ATB Capital Markets analyst Frederico Gomes is still wary of Aurora Cannabis (Aurora Cannabis Stock Quote, Chart, News, Analysts, Financials TSX:ACB), maintaining an “Underperform” rating and $3/share target price in a recent update for a projected one-year return of 52 per cent.
Calgary-based Aurora Cannabis produces, distributes and sells cannabis products along with indoor cultivation systems and hemp-related food products.
The latest update from Gomes comes after the company completed a bought deal equity financing valued at US$172.5 million.
“In our view, the raise is in line with management’s previous comments on maintaining a strong cash balance that reduces risk, provides a long runway to execute the Company’s strategy, and endows the Company with optionality for potential M&A,” Gomes said in a June 2 report. “We have adjusted our model to reflect the equity raise, with no further changes to our estimates.”
Under the terms of the financing, the company sold approximately 70.4 million units at a price of US$2.45 per unit, with each unit featuring one common share and one warrant at an exercise price of US$3.20 (approximately $4.03), which has a three-year exercisable window. (All figures in Canadian dollars except where noted otherwise.)
“In our previous commentary on the LP market, we outlined our thesis that consolidation of Canadian LPs will not occur for at least two years, for the simple reason that large, public LPs can raise capital to navigate a longer period of unprofitable operations,” Gomes said. “For these reasons, we view this raise as positive given that we believe LPs must have a robust capital position to navigate this volatile market.”
With the closing of the financing, Gomes forecasts the company to have pro forma fully diluted net cash of approximately $266 million, including approximately $480 million in the balance sheet as of March 31, paired with the new financing and proceeds from the exercise of ITM securities and other subsequent events.
Looking at present cash flow, Gomes believes Aurora Cannabis has approximately $549 million in cash available, along with US$186 million in a debt facility, compared to approximately $283 million in debt.
Since the announcement of the bought deal financing, Aurora also announced that it has repurchased an aggregate of approximately $25.3 million (US$20 million) principal amount of its convertible senior notes at a total cost, including accrued interest, of $24.3 million (US$19.2 million) in cash, done with the aim of reducing the company’s debt and annual cash interest costs.
Furthermore, the company also received EU-GMP certification for medical cannabis production facility in Germany, expanding its network and ability to provide premium, high-quality cannabis flower and extracts for medical use by patients across existing and expanding markets.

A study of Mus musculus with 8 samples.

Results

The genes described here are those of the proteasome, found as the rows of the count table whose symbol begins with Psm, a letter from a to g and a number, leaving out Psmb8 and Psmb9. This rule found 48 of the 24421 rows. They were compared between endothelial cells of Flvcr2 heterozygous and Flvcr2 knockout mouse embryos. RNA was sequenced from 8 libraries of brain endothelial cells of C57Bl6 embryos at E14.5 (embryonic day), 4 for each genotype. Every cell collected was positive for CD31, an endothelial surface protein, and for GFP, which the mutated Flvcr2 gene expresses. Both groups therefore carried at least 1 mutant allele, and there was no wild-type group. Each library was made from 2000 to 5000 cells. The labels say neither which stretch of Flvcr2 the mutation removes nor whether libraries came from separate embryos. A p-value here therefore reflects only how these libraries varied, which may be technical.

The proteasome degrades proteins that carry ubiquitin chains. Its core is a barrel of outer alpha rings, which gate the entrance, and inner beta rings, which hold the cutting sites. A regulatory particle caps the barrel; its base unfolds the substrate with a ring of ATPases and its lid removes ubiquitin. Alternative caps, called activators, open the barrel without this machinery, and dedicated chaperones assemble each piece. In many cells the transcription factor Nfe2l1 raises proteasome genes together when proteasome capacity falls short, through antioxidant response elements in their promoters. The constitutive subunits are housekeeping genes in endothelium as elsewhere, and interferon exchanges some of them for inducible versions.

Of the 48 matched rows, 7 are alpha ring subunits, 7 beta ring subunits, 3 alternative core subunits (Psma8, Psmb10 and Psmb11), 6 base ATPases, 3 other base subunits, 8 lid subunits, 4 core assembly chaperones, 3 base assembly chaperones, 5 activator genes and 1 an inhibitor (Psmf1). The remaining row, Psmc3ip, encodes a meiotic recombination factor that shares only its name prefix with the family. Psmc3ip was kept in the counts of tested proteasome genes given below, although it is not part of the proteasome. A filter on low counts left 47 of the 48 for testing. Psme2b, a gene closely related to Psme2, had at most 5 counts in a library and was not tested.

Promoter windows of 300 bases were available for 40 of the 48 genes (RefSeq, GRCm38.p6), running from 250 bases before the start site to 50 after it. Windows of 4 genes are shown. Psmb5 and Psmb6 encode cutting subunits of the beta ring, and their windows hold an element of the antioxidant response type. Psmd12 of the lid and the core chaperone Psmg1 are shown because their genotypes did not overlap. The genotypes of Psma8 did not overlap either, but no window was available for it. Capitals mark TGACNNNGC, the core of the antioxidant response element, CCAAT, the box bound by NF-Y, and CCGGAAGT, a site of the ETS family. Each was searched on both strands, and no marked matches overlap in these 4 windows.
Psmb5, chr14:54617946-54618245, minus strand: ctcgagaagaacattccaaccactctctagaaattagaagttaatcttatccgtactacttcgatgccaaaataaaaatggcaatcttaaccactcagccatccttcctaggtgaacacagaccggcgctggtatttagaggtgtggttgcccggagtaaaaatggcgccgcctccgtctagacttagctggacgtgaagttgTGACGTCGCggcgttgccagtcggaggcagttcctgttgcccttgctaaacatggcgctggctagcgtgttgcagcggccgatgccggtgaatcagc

“With the EU-GMP certification of our first German site, we once again demonstrate Aurora’s excellence and leadership in establishing the necessary infrastructure to compete in the global cannabis market,” said Miguel Martin, CEO of Aurora Cannabis in a May 18 press release. “As a leading provider of medical cannabis in Germany and several other European markets, we are eager to accelerate patient access to high-quality, reliable cannabis produced in accordance with the most stringent criteria.”
In terms of financial projections, Gomes forecasts decreases in revenue for the next two fiscal years, as he projects a 10 per cent year-over-year decrease to $220.8 million in 2022, followed by a further 5.4 per cent year-over-year drop to a projected $208.9 million in 2023. However, Gomes forecasts a rebound in 2024, with the $254.6 million projection representing a potential year-over-year increase of 21.9 per cent and putting it on a track toward a 10-year CAGR of 17 per cent.
Accordingly, Gomes also forecasts subtle increases in the company’s EV/Revenue multiple from the reported 1.4x in 2021 to a projected 1.5x in 2022, then to 1.6x in 2023 before dropping to a projected 1.3x in 2024.
Notably, Gomes forecasts a significant shift in its revenue mix, with consumer cannabis dropping from the reported 41 per cent in 2021 to just 24 per cent by 2024, giving rise to increased influence from its international medical cannabis stream (15 per cent in 2021, projected 36 per cent in 2024), while Canadian medical cannabis projects to remain the top generator at 40 per cent of the mix in 2024, down slightly from the reported 44 per cent in 2021.
On the margins, Gomes maintains a consistent gross margin projection of 50 per cent throughout the reporting period (gross profits of $110.8 million in 2022, $103.7 million in 2023, and $127.8 million in 2024), while he forecasts the company’s adjusted EBITDA to be negative in 2022 ($42.6 million loss) and 2023 ($5.2 million loss) before turning positive in 2024 at a projected $38.3 million for a 15 per cent margin. Gomes also introduces an EV/EBITDA multiple projection in 2024, setting the bar at 8.7x.
Aurora’s stock price has fallen by 72.7 per cent since the start of 2022, unable to sustain an early high of $7.41/share from January 11 as it fell to a low of $1.97/share on Thursday.